The State Board of Education won’t hit its Sept. 1 target date to award Idaho’s new master educator premiums.
Now, veteran teachers probably will have to wait until mid-September to get word on their application for a $4,000-a-year bonus.
The reason for the delay: Fellow teachers are still reviewing the 1,400 applications. The State Board received split verdicts on about 300 applications — that is, one reviewer recommended awarding a premium, while a second reviewer did not. Now, third reviewers will have to review those applications and break the ties.
“We are now beginning to get some (applications) back from those acting third evaluators but we won’t have all of them back in time for Sept. 1,” State Board spokesman Mike Keckler said Friday.
The State Board’s master educator premium website says only that teachers will be notified in September.
The master educator premium is designed to reward high-performing veteran teachers with at least eight years’ classroom experience, providing bonuses that could total $12,000 over three years.
The rollout of the program has been fraught with problems.
While more than 1,400 teachers applied for the premiums, thousands of veteran teachers didn’t apply. Between 8,000 and 10,000 teachers probably met the state’s application requirements, according to State Board estimates.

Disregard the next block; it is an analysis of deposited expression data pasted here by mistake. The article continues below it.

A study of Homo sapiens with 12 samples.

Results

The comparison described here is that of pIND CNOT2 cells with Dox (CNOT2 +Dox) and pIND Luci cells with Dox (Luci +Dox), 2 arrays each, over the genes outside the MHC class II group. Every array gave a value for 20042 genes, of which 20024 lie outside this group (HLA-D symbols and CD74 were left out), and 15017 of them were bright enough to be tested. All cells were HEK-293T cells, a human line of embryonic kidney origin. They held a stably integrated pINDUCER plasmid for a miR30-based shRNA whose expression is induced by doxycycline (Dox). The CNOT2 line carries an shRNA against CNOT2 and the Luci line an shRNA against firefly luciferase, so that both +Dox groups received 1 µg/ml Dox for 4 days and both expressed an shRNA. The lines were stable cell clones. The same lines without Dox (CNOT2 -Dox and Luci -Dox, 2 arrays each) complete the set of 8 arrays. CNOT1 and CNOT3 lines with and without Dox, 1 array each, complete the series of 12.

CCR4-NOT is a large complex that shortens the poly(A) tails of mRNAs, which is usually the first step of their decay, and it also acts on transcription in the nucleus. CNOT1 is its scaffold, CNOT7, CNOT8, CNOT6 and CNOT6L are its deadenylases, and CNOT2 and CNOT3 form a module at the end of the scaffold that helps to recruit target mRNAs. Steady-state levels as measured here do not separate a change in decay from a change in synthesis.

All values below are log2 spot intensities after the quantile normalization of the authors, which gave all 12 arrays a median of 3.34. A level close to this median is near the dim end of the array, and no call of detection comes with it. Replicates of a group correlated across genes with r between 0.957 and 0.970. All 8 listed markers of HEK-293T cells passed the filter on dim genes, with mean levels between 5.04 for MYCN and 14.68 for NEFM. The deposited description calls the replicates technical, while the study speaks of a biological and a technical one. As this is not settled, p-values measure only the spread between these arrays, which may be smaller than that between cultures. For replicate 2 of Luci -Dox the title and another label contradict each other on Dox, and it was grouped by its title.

For many veteran teachers, the application process was a turnoff. Teachers needed to submit a detailed portfolio to apply for a share of the money. Idaho’s reigning teacher of the year, Marc Beitia of American Falls High School, was among those who didn’t apply — saying he and many fellow educators simply don’t have the time to fill out a portfolio, a job that has taken some teachers as much as 120 hours.
Technical problems — such as bad links — also slowed the review process, leaving some of the state’s 300 reviewers waiting for portfolios. This forced the State Board to hire two temporary employees to help sort out the applications and the link problems.
And while the master educator premium program has gotten off to a rocky start, Gov. Brad Little’s K-12 task force is discussing other ways to reward veteran teachers.
The task force could propose expanding the teacher salary career ladder, offering top salaries of $60,000. This was a recommendation from 2013, and former Gov. Butch Otter’s K-12 task force. Legislators never funded the $60,000 maximum salary, instead creating the master educator premium.
A co-chair of Little’s task force has criticized the premium program, and the arduous application process that comes with it. “I would never run any company this way,” Boise businessman Bill Gilbert said in July.